When fear grips the stock market, it's good business for Denise Shull. A Wall Street "performance coach" with a background in neuroscience, Shull helps investors delve into the emotions underlying their decisions. Her phone has been ringing lately. A portfolio manager in Asia "wanted to figure out what he should do with his frustration," she says. He was asking, 'Should I react to this market action or stick with my long-term conviction?' "
Fund managers aren't the only ones trying to curb their emotions these days. The market's 6.9% slide in October and the stock averages' wild swings are testing everyone's mettle. Sure, you think you're tough as steel, immune to emotion-driven buying or selling. But neuroscientists and behavioral economists argue that biases are hard-wired into our brains and personalities: Some of us are overconfident, taking excessive risks; others too meek, seeking to avoid losses at the first sign of trouble. We're also biologically programmed to look for patterns in unrelated information—seeing the face of Jesus in a piece of toast, or a cloud with an uncanny resemblance to Abraham Lincoln.
Erasing this wiring isn't possible, according to a growing body of research. And there's a growing recognition that it's better to manage behavioral biases than to ignore or suppress them. Investment firms are hiring coaches like Shull to understand how emotions influence investment decisions. They're also using machine-learning software to analyze historical returns and trading patterns to see if managers are falling into common behavioral-finance traps.
"What neuroscience has confirmed is that it's impossible to make a choice without emotions," says Mike Ervolini, CEO of Cabot Investment Technology, a Boston-based firm that sells behavioral-finance software to institutional clients. That software has analyzed more than $3 trillion in client portfolios worldwide, he says. In 80% of the cases, it has found at least one persistent behavioral tendency that costs the portfolio more than one percentage point annually in returns, relative to what it would have earned optimally.
Some mistakes, he says, arise from the tendency to feel pain from a loss more acutely than pleasure from a gain. Investors sell too quickly when holdings take a few hits, and hesitate to build big positions in stocks they like. They hold winners too long, because they overvalue them. "Managers tend to buy a stock, and it does really well for 12 to 18 months," he adds, "but then they hold for another six months, and it becomes dead money."
It's one thing to be aware of behavioral biases; it's another to keep them in check. Advisors use risk-tolerance questionnaires to see how much pain a client can take in exchange for potentially superior returns. But "as Mike Tyson used to say, 'Everyone has a plan until they get punched in the face,' " says Jay Schechter, a partner with Singer Xenos Wealth Management in Coral Gables, Fla., who's playing the role of therapist for his clients these days.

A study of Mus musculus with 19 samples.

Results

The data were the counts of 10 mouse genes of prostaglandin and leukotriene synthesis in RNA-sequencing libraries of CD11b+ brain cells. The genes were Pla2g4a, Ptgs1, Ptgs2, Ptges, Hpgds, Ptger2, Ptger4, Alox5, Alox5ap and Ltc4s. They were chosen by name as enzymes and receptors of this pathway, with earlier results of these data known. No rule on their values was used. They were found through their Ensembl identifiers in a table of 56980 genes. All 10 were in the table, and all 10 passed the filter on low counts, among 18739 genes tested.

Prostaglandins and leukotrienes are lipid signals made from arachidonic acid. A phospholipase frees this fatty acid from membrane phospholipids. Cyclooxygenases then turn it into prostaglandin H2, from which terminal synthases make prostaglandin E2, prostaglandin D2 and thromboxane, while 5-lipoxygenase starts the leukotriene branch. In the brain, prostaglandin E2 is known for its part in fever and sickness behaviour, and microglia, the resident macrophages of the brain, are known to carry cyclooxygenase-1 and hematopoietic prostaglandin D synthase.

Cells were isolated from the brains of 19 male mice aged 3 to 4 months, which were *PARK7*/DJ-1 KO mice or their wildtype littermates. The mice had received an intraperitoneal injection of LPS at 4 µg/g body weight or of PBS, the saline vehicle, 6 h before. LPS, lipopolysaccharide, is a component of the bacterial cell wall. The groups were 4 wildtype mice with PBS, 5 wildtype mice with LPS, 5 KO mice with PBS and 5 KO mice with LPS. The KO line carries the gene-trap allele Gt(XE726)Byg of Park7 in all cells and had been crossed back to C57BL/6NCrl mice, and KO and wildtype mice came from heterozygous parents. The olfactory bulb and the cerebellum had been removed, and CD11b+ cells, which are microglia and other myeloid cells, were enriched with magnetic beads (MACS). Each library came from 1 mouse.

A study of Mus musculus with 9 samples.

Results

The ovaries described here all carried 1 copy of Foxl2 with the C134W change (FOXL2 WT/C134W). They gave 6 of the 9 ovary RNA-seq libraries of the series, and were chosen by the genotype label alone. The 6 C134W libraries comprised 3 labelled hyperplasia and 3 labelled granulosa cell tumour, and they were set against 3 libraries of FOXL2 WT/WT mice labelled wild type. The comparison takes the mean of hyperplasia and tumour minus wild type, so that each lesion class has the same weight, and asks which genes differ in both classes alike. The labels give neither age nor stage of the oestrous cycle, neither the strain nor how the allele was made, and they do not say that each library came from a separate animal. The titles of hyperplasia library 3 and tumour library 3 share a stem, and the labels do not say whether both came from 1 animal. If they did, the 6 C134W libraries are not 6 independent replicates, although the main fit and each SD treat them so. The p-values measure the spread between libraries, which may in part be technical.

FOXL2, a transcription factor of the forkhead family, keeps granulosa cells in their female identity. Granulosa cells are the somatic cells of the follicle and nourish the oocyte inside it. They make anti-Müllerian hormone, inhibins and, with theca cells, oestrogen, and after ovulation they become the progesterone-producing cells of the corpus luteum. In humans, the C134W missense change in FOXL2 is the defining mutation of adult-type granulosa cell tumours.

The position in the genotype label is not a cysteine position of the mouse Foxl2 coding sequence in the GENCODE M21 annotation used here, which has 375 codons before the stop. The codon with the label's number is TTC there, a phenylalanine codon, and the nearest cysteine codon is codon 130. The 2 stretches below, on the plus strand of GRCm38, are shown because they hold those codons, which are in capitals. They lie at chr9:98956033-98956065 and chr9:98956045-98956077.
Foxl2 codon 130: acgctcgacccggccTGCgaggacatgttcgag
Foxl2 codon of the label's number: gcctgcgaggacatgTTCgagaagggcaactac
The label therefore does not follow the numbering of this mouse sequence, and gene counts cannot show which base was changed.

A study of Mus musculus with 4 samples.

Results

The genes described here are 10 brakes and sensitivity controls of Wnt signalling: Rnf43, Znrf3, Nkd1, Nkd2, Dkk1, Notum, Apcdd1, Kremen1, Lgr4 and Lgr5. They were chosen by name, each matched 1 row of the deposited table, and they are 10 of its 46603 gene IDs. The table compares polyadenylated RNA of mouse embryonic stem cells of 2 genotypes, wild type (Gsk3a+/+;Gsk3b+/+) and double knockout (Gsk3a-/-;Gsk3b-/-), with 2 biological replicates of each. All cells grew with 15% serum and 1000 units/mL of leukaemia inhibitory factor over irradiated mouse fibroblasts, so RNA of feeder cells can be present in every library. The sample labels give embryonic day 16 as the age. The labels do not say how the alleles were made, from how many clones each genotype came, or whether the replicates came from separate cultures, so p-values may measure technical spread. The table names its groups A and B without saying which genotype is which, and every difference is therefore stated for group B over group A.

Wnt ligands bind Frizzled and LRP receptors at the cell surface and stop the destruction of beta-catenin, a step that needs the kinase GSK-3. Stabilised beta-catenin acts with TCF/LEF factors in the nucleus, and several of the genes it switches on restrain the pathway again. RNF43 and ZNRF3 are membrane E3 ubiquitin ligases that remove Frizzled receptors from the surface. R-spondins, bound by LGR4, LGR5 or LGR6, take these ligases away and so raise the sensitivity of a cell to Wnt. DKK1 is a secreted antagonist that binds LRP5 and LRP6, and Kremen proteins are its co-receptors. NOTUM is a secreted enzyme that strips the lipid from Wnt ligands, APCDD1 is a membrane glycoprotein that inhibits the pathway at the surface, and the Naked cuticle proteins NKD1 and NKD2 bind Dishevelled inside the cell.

But advisors, like doctors, can't help anyone unless they accept good medicine. That's where "psychometric" software can play a role. Syntoniq, a start-up near Los Angeles, sells an online tool to help advisors psychologically profile clients. An investor would see an image of a Fijian tribesman pointing a spear at a charging wild boar and be asked to rate the tribesman on a scale from "very likely to be peaceful" to "very likely to be aggressive." The idea is to assess perceptions of risk, financial literacy, confidence, and other factors, so that portfolios reflect clients' goals and psychology, says Prasad Ramani, Syntoniq's founder and CEO. "The way to change behaviors is to increase self-awareness about blind spots and behavioral biases," he says.
While investors might think panic selling is rampant when the Dow (.DJI) tumbles 800 points in one day, for instance, only 0.35% of outstanding U.S. equity shares trade on an average day, and even on a volatile one, just 0.6% change hands, notes Jason Voss, a former portfolio manager and author of The Intuitive Investor. Rather than be swayed by big market moves, Voss says, investors should take a timeout between the "stimulus" and response, even if just to meditate for 15 minutes—something he recommends.
So, should you put your investments on 10-year autopilot? Long-term buy-and-hold investors shouldn't change their asset mix based on a few bad days or a correction (a drop of 10% or more). Schechter shows worried clients that trading is often counterproductive; from 1995 to 2015, he points out, investors earned about half of the market's return, on average, due to "greed and fear," or buying high and selling low.
Nonetheless, this may be an opportune time to trim equity risk. The economy is in the late stages of a recovery, valuations are high, and after years of gains, investors may be sitting on too much stock exposure relative to fixed-income holdings, says Campbell Harvey, a professor of international business at Duke University's Fuqua School of Business. A consultant to investment-research firm Research Affiliates, he recommends adding quality and value shares (or exchange-traded funds that hold them), because they should be less susceptible to losses in a correction.
However you invest, he advises, realize that most of the market's signals—technical moves, trading patterns, and the like—are just statistical noise. "People yearn for an explanation for stuff that's often impossible to explain," he says. What you think is a pattern in the market, in other words, may be as random as seeing Abe Lincoln in a cloud.